The uterus is a hollow, muscular, pear-shaped organ located posterior and superior to the urinary bladder. It is the home for a developing fetus
Ovary
Ovaries produce female sex hormones such as estrogen and progesterone as well as ova (commonly called "eggs"), the female gametes.
Fallopian tubes
The fallopian tubes are a pair of muscular tubes that extend from the left and right superior corners of the uterus to the edge of the ovaries. The fallopian tubes end in a funnel-shaped structure called the infundibulum, which is covered with small finger-like projections called fimbriae.
Fimbriae
The fimbriae swipe over the outside of the ovaries to pick up released ova and carry them into the infundibulum for transport to the uterus.
Fundus
The fundus of the uterus is the top portion, opposite from the cervix. Fundal height, measured from the top of the pubic bone, is routinely measured in pregnancy to determine growth rates.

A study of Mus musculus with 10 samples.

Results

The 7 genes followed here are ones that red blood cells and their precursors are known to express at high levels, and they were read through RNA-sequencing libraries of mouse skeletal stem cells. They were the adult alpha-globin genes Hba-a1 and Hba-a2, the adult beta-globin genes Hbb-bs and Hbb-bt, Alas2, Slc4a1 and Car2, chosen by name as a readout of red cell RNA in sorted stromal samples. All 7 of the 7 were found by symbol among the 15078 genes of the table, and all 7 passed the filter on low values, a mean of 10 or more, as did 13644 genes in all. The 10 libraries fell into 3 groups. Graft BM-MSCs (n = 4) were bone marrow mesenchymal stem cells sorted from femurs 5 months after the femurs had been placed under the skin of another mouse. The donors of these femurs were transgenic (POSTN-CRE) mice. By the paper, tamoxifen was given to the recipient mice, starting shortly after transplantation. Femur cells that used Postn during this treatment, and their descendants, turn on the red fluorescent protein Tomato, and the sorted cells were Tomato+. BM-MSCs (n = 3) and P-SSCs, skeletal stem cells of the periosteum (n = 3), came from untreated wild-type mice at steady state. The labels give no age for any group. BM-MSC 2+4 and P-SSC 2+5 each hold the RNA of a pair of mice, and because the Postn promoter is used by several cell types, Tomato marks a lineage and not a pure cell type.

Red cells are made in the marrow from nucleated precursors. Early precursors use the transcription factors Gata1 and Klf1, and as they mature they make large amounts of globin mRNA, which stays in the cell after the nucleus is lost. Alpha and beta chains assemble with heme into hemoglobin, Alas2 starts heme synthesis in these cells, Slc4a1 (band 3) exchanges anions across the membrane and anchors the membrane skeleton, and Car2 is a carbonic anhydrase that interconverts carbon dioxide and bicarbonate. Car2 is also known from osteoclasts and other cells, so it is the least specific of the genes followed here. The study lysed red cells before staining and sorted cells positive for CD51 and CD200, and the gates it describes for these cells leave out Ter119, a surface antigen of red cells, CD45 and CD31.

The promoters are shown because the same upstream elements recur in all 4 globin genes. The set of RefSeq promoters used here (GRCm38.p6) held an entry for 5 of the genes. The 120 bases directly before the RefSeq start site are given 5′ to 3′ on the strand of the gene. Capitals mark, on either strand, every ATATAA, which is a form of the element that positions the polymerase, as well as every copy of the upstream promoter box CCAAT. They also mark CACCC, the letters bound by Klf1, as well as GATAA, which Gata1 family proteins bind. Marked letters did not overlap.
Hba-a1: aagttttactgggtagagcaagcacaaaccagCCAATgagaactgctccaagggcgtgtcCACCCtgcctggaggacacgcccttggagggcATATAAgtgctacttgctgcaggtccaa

Endometrium
The endometrium provides support to the embryo during early development. The visceral muscles of the uterus contract during childbirth to push the fetus through the birth canal.
Myometrium
The myometrium is the middle layer of the uterine wall, consisting mainly of uterine smooth muscle cells (also called uterine myocytes), but also of supporting stromal and vascular tissue. Its main function is to induce uterine contractions.
Cervix
The cervix or cervix uteri (Latin: neck of the uterus) is the lower part of the uterus in the human female reproductive system. In a non-pregnant woman, the cervix is usually 2 to 3 cm long (~1 inch) and roughly cylindrical in shape.
Vagina
The vagina is an elastic, muscular tube that connects the cervix of the uterus to the exterior of the body. It is located inferior to the uterus and posterior to the urinary bladder. The vagina functions as the receptacle for the penis during sexual intercourse and carries sperm to the uterus and fallopian tubes. It also serves as the birth canal by stretching to allow delivery of the fetus during childbirth. During menstruation, the menstrual flow exits the body via the vagina.